Qualcomm's Updated Brand: Introducing Snapdragon S1, S2, S3 & S4 Processorsby Anand Lal Shimpi on August 3, 2011 10:00 AM EST
Snapdragon will continue to refer to Qualcomm’s family of high performance apps processors. Although in the past we’ve known them by relatively obscure seven character model numbers (e.g. MSM8660), going forward these SoCs are going to be grouped into one of four categories: S1, S2, S3 and S4.
The rules are pretty simple. Bigger numbers mean better SoCs, smaller numbers mean cheaper/lower power. The full name will be something like Snapdragon S1 Mobile Processor, although it’s unclear whether or not we’ll see a model number attached to the end of that.
The S stands for System and the breakdown of specs is in the slide below:
The Snapdragon S1 is the mainstream 65nm SoC we’ve been seeing for the past year and a half: single core, Adreno 200 GPU, not a lot of fun but great for free/value phones. The S2 is the 45nm Snapdragon used in modern single-core Android smartphones. The S3 and S4 are the most interesting. The former encompasses Qualcomm’s move to dual-core SoCs, while the latter uses its next-generation Krait microarchitecture.
Although S1 - S3 SoCs are available today, Qualcomm won’t be shipping Snapdragon S4 processors until the end of 2011. Devices built around Snapdragon S4 processors will appear in 2012.
The branding change makes sense for Qualcomm. Prior to the S1 - S4 naming you either had people calling everything a Snapdragon or had to worry about explaining the difference between an APQ8060 and MSM8660. The new branding helps segment things a bit although I do believe Qualcomm will need to follow AMD/Intel’s lead and introduce some sort of a model number to indicate performance differences between parts within a family.
jrs77 - Wednesday, August 3, 2011 - linkWell, I'll never understand the technology-companies and their tons of little differences. Why isn't there a simple lineup like "low-end", "mid-range" and "high-end"? And by that I mean a maximum of 3 processors in the companies line-up and not dozens of low, mid and high-end parts.
Everyone does it, and it applies to GPUs, CPUs or whatever. It makes the market totally oversaturated and for the end-consumer it's a jungle they feel lost in.
Look at the car-industry. Most have very simple lineups basically, like BMW 1/3/5/7, but then they'll end up with the same crap because you can choose between 5 or more motors for each one of them, forget about the extras and/or preconfigured editions.
Less is more. It makes it way easier for the endconsumer to make a decision. Usually people buy something and then feel bad about their decision, because they are not sure, if their decision was the right one, simply because there where so many choices to be made, that they got lost somewhere inbetween.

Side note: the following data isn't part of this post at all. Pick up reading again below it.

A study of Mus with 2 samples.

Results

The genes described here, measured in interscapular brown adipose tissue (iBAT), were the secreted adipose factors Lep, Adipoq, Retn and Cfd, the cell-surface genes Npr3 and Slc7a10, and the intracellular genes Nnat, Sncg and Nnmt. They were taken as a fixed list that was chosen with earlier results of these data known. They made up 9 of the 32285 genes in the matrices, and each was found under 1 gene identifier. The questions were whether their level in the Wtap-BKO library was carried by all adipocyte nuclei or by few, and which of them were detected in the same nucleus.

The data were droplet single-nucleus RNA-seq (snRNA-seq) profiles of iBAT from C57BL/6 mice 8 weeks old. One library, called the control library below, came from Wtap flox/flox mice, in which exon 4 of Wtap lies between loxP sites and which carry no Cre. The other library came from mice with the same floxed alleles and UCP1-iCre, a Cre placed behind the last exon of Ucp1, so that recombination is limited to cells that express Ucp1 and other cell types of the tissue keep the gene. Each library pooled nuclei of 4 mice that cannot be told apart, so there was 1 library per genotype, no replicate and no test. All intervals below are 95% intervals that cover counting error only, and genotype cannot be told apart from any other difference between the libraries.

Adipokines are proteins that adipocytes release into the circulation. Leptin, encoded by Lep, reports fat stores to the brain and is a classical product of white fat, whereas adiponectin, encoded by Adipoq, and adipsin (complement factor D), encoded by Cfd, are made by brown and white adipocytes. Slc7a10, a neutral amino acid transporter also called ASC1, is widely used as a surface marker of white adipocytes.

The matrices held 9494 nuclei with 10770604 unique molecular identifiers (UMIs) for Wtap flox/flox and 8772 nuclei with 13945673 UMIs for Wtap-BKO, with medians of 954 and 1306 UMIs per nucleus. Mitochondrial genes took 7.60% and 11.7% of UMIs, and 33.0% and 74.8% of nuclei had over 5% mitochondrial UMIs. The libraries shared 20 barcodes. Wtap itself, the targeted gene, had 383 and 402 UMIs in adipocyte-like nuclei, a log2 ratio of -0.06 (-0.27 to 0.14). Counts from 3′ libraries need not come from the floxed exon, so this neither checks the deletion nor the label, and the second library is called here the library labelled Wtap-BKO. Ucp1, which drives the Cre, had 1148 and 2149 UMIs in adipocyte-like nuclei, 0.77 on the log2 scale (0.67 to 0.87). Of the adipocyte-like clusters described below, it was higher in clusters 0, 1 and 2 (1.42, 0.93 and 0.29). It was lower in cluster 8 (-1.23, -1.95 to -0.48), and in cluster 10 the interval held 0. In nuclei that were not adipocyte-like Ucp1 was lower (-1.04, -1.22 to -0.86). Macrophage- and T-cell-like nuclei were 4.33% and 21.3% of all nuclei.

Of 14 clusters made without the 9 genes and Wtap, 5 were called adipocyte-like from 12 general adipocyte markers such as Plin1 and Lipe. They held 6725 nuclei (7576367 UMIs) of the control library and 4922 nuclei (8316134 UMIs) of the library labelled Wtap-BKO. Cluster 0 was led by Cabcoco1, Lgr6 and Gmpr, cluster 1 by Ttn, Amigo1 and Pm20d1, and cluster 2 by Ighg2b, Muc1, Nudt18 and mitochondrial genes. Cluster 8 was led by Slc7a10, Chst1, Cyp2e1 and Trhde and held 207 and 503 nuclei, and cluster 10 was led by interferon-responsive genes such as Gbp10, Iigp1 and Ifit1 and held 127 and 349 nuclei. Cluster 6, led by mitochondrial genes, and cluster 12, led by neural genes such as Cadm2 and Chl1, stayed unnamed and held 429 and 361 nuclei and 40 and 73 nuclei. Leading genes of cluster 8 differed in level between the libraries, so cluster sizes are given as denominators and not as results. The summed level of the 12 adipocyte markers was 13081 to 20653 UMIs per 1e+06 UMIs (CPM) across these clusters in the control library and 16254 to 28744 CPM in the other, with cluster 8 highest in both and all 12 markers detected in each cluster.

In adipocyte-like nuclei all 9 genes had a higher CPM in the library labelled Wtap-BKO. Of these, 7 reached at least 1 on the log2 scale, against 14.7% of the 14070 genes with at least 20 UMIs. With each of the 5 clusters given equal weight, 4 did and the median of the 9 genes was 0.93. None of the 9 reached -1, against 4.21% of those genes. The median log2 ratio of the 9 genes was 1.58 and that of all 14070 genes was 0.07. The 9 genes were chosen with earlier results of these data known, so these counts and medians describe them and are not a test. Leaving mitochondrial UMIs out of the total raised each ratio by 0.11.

nexox - Wednesday, August 3, 2011 - link"""Why isn't there a simple lineup like "low-end", "mid-range" and "high-end"? And by that I mean a maximum of 3 processors in the companies line-up and not dozens of low, mid and high-end parts."""
If silicon manufacturers did that, they'd lose the benefit of binning parts that aren't up to the highest performance spec, and would thus have to throw quite a few more dies away. Chips aren't cars - you don't know what clock speed or how many functioning cores you'll get out of them until you've tested each and every one.
Plus it'd probably put a lot of marketing people out of a job, and this would be a course of action proposed by a marketing department - there's no way they're going to voluntarily downsize.
Uritziel - Wednesday, August 3, 2011 - linkThis.
peterfares - Wednesday, August 3, 2011 - linkI like my options. If you don't want choice, buy from Apple.
Why is it saying this comment is spam?
Metaluna - Wednesday, August 3, 2011 - linkApple has it's own simplified naming scheme:
"The new iPhone 5...Now 23% more magical!"
Sorry, couldn't resist :)
freezervv - Wednesday, August 3, 2011 - link> Apple has it's own simplified naming scheme:
> "The new iPhone 5...Now 23% more magical!"
> Sorry, couldn't resist :)
I'm sure you were trying to be funny but everyone knows that the iPhone 5 features 5G wireless technology I'm not sure where you got your info from but don't post wrong things I know I'll be buying one!
analytical - Monday, September 26, 2011 - linkWhat an odd idea. It sounds like you've been listening to too much Apple cheerleading.
5G wireless has not yet been defined, there are no prototype projects, and it probably won't be implemented before 2020. Your Iphone 5 will be looking a bit long in the tooth by then.
superccs - Saturday, August 6, 2011 - linkI really hate having choices too. Derp! Lol, eat your human food, and drive your automobile, to your work station, repeat.
PyroHoltz - Wednesday, August 3, 2011 - linkIs it funny/odd that Qualcomm decided to use an image for the Xbox 360 to indicate console gaming performance and support?